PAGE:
By: Cynthia Richie Terrell
Former Supreme Court Justice Sandra Day O’Connor’s decision to retire due to the onset of Alzheimer’s disease has reminded me of her remarkable career and legacy. Justice O’Connor’s trailblazing life — including the first woman to be majority leader of a state senate and the first woman to serve on the Supreme Court — deserves another first: first American woman to have an airport named in her honor.
When stunned to learn that no American airport is named after a woman, I began calling for Washington Dulles International airport to be renamed for Eleanor Roosevelt. But to me, it is most important to honor women, not score partisan points. Justice O’Connor deserves lasting recognition, both because of her place in history and her efforts to elevate civic learning for all Americans.
Hers is a quintessential American success story. She lived on a rural Arizona ranch as a child, without water or electricity, nine miles from the nearest paved road, yet she earned admission to Stanford and Stanford Law School. Despite being among the law school’s top students, her gender made finding a legal job difficult; she ultimately found a position as a deputy county attorney in San Mateo, California, by agreeing to volunteer and share an office with her secretary.
With three young children, she later took five years away from the practice of law. Her subsequent rise was remarkable. After four years as assistant Attorney General of Arizona, in 1969 she was appointed to fill a vacancy in the Arizona Senate and then won election. In 1973, she became Senate Majority Leader — the first woman in that role anywhere in the nation. She won election to the Maricopa County Superior Court in 1974 and in 1979 was appointed to the Arizona State Court of Appeals. In 1981 came her historic appointment by Ronald Reagan to the U.S. Supreme Court, winning confirmation without a dissenting vote.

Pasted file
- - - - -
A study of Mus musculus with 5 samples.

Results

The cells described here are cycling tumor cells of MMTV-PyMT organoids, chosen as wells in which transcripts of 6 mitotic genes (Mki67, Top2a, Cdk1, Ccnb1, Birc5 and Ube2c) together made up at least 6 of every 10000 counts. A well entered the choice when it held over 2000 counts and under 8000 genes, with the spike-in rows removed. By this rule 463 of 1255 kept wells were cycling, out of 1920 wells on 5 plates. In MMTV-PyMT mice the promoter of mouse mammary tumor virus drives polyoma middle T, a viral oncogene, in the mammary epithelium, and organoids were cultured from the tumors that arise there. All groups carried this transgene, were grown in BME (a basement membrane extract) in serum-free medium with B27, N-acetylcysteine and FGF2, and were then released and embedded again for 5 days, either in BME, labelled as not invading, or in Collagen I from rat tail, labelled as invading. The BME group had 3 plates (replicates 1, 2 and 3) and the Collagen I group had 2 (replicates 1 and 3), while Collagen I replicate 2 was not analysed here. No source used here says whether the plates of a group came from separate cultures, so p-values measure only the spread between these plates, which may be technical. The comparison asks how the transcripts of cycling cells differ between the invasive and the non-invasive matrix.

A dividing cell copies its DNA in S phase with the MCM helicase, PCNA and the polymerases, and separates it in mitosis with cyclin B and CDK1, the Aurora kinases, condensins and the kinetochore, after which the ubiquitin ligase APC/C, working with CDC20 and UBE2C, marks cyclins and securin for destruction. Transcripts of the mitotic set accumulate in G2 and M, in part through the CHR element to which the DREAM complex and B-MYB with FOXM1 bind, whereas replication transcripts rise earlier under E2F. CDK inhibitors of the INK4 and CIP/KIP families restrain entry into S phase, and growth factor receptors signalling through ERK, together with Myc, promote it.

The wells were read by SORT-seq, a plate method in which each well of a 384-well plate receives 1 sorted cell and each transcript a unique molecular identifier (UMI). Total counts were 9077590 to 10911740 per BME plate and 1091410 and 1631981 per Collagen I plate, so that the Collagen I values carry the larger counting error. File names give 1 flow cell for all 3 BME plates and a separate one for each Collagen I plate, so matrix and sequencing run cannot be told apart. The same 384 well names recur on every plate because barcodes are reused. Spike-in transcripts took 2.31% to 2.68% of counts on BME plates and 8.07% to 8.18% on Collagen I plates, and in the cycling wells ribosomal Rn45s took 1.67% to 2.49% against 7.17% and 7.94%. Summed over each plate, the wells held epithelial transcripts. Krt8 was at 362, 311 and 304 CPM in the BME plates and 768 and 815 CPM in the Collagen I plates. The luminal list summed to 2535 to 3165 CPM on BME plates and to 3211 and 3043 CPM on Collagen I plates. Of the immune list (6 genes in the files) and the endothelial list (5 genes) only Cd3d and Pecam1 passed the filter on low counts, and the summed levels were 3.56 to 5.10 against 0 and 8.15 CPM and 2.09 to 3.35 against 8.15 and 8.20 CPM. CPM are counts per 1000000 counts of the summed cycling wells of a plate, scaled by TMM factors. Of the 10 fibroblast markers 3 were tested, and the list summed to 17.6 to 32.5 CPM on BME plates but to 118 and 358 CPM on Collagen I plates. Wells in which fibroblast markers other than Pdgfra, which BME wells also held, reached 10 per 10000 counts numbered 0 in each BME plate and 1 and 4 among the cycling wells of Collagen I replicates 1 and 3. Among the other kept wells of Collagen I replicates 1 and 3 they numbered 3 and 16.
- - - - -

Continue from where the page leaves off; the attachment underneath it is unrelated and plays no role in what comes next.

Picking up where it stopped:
I disagree with some of Justice O’Connor’s rulings on the court, and I suspect other Americans do too. But no one questions the seriousness and intelligence she brought to her jurisprudence, and to the burden she carried so well of proving that a woman could be an effective justice. That was no small feat, from having to ask for a women’s restroom to be added to the court to correcting the New York Times in 1983 when it wrote that the court was all men.
Described by some as a “judicial minimalist,” Justice O’Connor often focused on the particular facts of the case at hand. In a court with underlying political divisions, this stance often put her in the role of being a “swing” deciding 5–4 cases. When she retired in 2005, her legacy as a jurist who addressed issues as they came was secure. While she may have agreed more often with the court’s more conservative justices, she found common ground with more liberal justices.
That attitude informed her priorities in the years since leaving the court, including as perhaps the nation’s most prominent advocate of civic learning. In 2009, she launched a website to provide interactive civics lessons to students and teachers, joined former congressman Lee Hamilton as co-chair for the Campaign for the Civic Mission of School and served on the Board of Trustees of the National Constitution Center
While partisans on both sides might grumble, I believe it’s time to send a message to the world that our most prominent international airport honors women leaders. Let’s celebrate Justice O’Connor and all the women who have served our nation by establishing the Sandra Day O’Connor International Airport.